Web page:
Tuskegee Syphilis Experiment
Stanford Prison Experiment
Another example of unethical research is Philip Zimbardo's Stanford Prison Experiment, a psychology study conducted in 1971. College students were recruited as study volunteers to play roles, either prisoners or guards. Those who were guards were instructed to give the prisoners a sense of powerlessness. The goal of the guards was to treat the prisoners in ways that made them feel and understand that the guards had total control over them. Guards developed a number of techniques intended to bore, humiliate, and frighten the prisoners. The study was designed to last for two weeks but was halted after six days because of concerns that the experiment had gotten out of control.
The Tuskegee study and the Stanford Prison Experiment are held up as instances where researchers did not treat subjects with respect, concern, and consideration for their safety and well-being.
Informed Consent in Sociology Research
In response to these kinds of controversies, numerous national and international research regulations were put in place in order to prevent potentially abusive studies. Researchers are expected to consider ethical issues throughout the entire research process. They must ensure they do not harm their subjects, including physical, social, or psychological harm. The right to privacy is also an ethical consideration researchers must contemplate. In the United States, there is an understood right to privacy. However, many aspects of people's lives are public record, such as court documents, arrest records, and posts on social media. The issue for researchers is whether there is a right to access these records without consent (agreement).
Receiving consent is a major ethical consideration. Typically, researchers will have their subjects sign an informed consent form or they will indicate that study subjects will remain anonymous. Generally, it is necessary to obtain the consent of people involved in research. Not only should researchers get consent, but they should inform prospective subjects that participation is voluntary. Informed consent—consent obtained after a study subject is given clear information—is important because it gives the subject the opportunity to decline or participate. But in some types of observational research, when the researcher may not want the subject to know they are being observed or the true intent of the research, issues of consent and voluntary participation are complex. In research where a subject cannot know they are being studied, researchers may engage in deception. This type of research is often controversial and must get approval from a review board prior to being conducted. Some groups are given particular consideration and protection, meaning they cannot be used in studies involving deception. These groups include children, pregnant women, those with disabilities, prisoners, and people with mental illness.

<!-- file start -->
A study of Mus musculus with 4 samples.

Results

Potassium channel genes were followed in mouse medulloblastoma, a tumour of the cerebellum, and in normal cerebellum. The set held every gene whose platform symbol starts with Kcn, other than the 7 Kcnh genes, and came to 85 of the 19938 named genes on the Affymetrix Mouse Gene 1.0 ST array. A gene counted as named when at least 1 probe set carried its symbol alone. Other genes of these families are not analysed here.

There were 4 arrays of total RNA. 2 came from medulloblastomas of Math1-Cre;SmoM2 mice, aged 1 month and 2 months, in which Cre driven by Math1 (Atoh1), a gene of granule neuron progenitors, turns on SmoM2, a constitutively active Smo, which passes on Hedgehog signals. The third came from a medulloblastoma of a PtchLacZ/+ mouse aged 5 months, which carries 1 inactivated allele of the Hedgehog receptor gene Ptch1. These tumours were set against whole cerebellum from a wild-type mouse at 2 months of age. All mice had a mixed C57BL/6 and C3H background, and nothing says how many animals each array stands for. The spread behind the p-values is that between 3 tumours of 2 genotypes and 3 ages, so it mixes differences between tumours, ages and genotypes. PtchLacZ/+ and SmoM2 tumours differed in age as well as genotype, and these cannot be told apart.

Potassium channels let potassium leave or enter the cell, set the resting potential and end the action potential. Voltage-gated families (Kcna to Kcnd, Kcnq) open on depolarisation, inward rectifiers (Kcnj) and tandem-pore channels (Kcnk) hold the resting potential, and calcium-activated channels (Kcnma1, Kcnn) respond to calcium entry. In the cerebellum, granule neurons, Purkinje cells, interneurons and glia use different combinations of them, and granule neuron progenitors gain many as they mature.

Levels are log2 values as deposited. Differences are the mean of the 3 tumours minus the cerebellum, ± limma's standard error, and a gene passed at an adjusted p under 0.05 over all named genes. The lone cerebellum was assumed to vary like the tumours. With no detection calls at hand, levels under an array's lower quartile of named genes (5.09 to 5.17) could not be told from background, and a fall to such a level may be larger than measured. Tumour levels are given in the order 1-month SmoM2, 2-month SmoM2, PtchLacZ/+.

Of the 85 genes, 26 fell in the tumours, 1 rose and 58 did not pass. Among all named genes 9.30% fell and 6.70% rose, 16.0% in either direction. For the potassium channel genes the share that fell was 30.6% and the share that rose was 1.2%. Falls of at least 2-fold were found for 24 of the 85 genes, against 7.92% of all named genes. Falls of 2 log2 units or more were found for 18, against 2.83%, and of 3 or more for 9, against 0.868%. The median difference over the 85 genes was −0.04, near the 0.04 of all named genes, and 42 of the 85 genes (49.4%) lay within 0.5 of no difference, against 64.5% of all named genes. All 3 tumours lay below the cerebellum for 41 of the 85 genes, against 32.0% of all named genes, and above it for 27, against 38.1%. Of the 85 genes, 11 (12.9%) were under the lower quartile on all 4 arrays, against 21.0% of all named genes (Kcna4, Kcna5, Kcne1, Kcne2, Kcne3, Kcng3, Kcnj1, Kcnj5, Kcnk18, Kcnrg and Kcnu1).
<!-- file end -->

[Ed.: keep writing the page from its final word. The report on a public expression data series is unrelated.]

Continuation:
In academic settings, researchers are usually required to gain approval from an institutional review board (IRB), a committee that reviews research proposals to determine if they adhere to ethical guidelines. The IRB works to identify prospective ethical problems. If problems are identified, researchers make adjustments to their proposals to obtain clearance from the IRB to conduct the study.
|Federal Requirements for Institutional Review Boards (IRBs)|
|Universities and other research institutions have IRBs that review research proposals for projects involving human participants. The federal government has several requirements for the composition of IRBs that review projects requesting federal funds.